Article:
HPV self-screening will be available to everyone eligible for cervical cancer screening from 1 July 2022, according to a new government announcement.
Previously the DIY option was only for women over 30 who had never been screened or were two years overdue for a test.
“The Medical Services Advisory Committee (MSAC) reviewed the available evidence that shows self-collected samples are as safe and accurate as clinician-collected tests, and recommended that all women who are due for cervical screening have the choice of accessing self-collection,” the federal Department of Health said.
Health providers will continue to order the self-collect swabs exactly as before, and it’s not a mailout like the National Bowel Cancer Screening Program.
“Healthcare providers such as GPs will continue to play a critical role in supporting patients with cervical screening under the expanded self-collect policy,” they said.
Family Planning NSW Medical Director Dr Deborah Bateson welcomed the change as a vital step towards eliminating cervical cancer in Australia.
“It’s empowering, it gives autonomy, and what we hope of course is that it’s going to increase participation in the screening program,” she told The Medical Republic.
Cervical cancer cases occur mostly in women who have never been or aren’t regularly screened.
“Australia is on track to be the first country to eliminate cervical cancer, hopefully, somewhere between 2028 and 2035. But to get there, we’ve got to address these issues about people who are under screened or never screened,” Dr Bateson emphasised.
Research has shown that self-collection is a way to overcome some of the recognised hurdles. “You can do health promotion, you can invite and you can remind, but if that pelvic exam is the barrier, it really doesn’t matter how you talk to people,” said the executive director of the Australian Centre for the Prevention of Cervical Cancer, Professor Marion Saville AM.
“It’s hard to get past it. But in Victoria, 85% of people who said no to a Pap smear gave us a swab.”
Her research also showed that, with the right support, about 90% of people who self-administered the test followed up, even when it involved a speculum exam. Practitioners told Professor Saville that the option for self-collection changed the conversation.
“Once HPV was detected, then they were able to explain why it was so important that they investigated further, whereas with a screening test the risk is much more theoretical,” she said.
Self-collection has been available to those eligible since 2017 but the uptake was low, said Dr Bateson, perhaps because clinicians were unsure about the accuracy of results and so they were not offering it.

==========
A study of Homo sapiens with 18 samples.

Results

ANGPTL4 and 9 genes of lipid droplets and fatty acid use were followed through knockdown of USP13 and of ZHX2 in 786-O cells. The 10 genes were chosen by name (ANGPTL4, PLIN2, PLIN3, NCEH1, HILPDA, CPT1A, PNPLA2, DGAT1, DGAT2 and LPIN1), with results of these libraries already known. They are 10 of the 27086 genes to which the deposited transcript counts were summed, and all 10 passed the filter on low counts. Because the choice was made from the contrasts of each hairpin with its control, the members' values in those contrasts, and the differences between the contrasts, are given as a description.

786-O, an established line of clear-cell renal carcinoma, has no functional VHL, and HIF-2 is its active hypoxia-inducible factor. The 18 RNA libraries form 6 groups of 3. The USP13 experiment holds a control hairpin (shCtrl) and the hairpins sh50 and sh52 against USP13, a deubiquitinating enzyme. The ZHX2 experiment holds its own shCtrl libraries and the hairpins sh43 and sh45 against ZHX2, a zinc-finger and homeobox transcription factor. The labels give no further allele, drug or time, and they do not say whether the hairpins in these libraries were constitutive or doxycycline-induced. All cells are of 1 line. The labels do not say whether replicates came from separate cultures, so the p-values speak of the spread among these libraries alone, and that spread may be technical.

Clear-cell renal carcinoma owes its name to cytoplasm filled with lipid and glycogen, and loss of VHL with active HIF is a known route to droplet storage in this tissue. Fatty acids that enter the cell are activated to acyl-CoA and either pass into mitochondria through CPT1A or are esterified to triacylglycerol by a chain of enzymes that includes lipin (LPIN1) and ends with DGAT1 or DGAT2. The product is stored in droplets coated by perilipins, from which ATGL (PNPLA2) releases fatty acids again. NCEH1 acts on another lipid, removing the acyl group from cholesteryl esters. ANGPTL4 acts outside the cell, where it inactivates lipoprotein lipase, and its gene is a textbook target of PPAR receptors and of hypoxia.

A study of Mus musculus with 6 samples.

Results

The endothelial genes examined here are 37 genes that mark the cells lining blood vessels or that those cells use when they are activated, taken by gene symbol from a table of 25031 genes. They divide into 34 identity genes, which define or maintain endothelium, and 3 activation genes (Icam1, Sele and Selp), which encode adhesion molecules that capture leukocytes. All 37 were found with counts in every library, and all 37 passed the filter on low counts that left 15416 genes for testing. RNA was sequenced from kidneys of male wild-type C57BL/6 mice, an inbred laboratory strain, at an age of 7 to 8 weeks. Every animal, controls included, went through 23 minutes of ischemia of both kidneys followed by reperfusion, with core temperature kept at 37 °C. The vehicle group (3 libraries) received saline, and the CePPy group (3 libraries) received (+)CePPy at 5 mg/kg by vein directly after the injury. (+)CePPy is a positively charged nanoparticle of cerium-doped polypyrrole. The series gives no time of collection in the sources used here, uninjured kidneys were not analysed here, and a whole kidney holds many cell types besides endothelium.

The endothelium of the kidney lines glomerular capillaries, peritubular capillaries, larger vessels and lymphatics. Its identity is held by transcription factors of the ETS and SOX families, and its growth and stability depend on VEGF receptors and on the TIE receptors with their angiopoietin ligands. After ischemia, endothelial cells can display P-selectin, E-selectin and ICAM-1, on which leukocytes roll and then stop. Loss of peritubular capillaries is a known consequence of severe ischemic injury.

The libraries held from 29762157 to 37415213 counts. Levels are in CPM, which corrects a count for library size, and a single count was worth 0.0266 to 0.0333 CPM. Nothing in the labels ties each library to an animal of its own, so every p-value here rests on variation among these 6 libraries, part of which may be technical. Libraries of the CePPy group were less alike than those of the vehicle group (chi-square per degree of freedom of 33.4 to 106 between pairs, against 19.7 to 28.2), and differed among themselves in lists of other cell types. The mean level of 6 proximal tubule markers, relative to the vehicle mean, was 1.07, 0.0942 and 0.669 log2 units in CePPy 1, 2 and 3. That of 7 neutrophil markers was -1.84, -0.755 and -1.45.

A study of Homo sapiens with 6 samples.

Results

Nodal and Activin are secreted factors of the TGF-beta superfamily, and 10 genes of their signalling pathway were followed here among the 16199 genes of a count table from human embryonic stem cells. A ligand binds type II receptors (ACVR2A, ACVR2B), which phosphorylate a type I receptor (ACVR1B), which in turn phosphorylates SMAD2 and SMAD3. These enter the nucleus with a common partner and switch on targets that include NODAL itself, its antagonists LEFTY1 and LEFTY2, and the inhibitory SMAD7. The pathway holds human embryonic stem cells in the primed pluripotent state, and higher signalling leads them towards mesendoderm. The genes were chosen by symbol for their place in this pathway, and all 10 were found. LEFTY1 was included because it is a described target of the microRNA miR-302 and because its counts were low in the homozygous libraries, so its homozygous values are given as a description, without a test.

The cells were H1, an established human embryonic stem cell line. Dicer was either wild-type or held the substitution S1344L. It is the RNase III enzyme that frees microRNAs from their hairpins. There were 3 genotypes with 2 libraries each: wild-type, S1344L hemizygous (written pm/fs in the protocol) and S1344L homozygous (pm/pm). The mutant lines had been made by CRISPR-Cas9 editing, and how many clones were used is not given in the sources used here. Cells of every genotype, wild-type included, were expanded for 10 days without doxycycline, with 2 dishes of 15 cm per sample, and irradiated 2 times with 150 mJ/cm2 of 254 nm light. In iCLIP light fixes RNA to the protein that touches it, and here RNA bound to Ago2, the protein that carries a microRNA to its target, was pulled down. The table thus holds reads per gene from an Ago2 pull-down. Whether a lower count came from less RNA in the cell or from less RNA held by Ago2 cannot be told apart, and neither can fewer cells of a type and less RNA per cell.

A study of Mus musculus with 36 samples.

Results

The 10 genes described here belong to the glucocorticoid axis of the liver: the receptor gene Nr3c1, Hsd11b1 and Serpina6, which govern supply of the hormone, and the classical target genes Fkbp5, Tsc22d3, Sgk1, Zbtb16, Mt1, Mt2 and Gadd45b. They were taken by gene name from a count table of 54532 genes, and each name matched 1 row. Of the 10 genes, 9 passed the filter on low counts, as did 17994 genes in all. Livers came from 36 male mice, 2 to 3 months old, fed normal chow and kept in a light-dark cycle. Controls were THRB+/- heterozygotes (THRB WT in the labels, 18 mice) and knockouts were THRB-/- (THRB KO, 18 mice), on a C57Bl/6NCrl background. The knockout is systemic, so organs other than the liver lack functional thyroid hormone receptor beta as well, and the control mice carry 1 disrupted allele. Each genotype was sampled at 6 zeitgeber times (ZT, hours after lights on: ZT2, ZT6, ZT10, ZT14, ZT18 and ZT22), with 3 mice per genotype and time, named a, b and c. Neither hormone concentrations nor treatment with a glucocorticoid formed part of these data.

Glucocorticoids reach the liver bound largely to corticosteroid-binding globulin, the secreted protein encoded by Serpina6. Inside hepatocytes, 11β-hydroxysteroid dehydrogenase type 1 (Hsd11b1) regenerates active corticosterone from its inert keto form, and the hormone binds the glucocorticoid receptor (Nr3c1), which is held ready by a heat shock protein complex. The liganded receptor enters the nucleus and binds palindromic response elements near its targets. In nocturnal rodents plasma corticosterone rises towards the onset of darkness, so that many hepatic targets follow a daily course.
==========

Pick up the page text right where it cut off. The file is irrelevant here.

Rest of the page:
Clinicians may not be aware that updated meta-analysis showed results of self-administered PCR tests were as accurate as those taken by a clinician because it was not published until 2018, the year after the release of self-collection guidelines (which are currently being revised).
The information available when the self-collection policy was being developed was based on data from signal amplification methods of testing, prior to the dominance of PCR tests.
“And that was suggesting that we were going to lose a degree of sensitivity,” explained Professor Saville.
“What had to be considered was that you might reach a lot more people, but perhaps you’d lose program effectiveness if in fact the test was less sensitive.”
So eligibility criteria for self-screening was complex, and that was a significant barrier because exact history is difficult to gather, she told The Medical Republic.
Furthermore, most labs were not set up to process self-collected samples.
Professor Saville, herself a lab director, appreciated the six months’ notice of the change and thinks the July 2022 start date gives labs enough time to prepare themselves.
Currently, getting set up to process self-collection samples involves a lot of work for labs because there’s no TGA listing for self-collection tests. But it will become much easier when HPV test manufacturers get them on-label, something Professor Saville anticipates will soon happen worldwide to help meet the WHO target of screening 70% of all eligible people by the age of 35 and again by 45.
The VCS Pathology lab, which was the first to be accredited to process the tests, allowed for them to be performed at home following a telehealth consultation with a practitioner to support women to continue screening during pandemic lockdowns, whereas in NSW the swab had to be taken in a clinical setting (though still privately, not under supervision).
The Health Department advised that either was fine.
“A woman would optimally complete the self-collect test in a private space in the healthcare provider’s clinic. However, the woman could self-collect her sample at her home, following a consultation with a healthcare provider,” a representative told TMR.
Dr Bateson said the important thing was to work with communities and reach those who weren’t being screened.
“Obviously, if you’re doing it within the clinic setting, then you can explain everything, and you’ve actually got a sample to send away to the lab.
“We have to look into other innovative ways, as we’ve done with telehealth.
“That is the way of the world, really, trusting people to do the right thing about their health. We know that’s what people want, and we have to support people coming into the program.”
Professor Saville agrees.
“I think we can have that level of trust in participants in the screening program.”
She hopes that, along with greater lab capacity and clinician education, the next six months will also bring a high level of community awareness that self-collection is available. “Once women are aware that this is an option, many of us will demand it,” she predicted.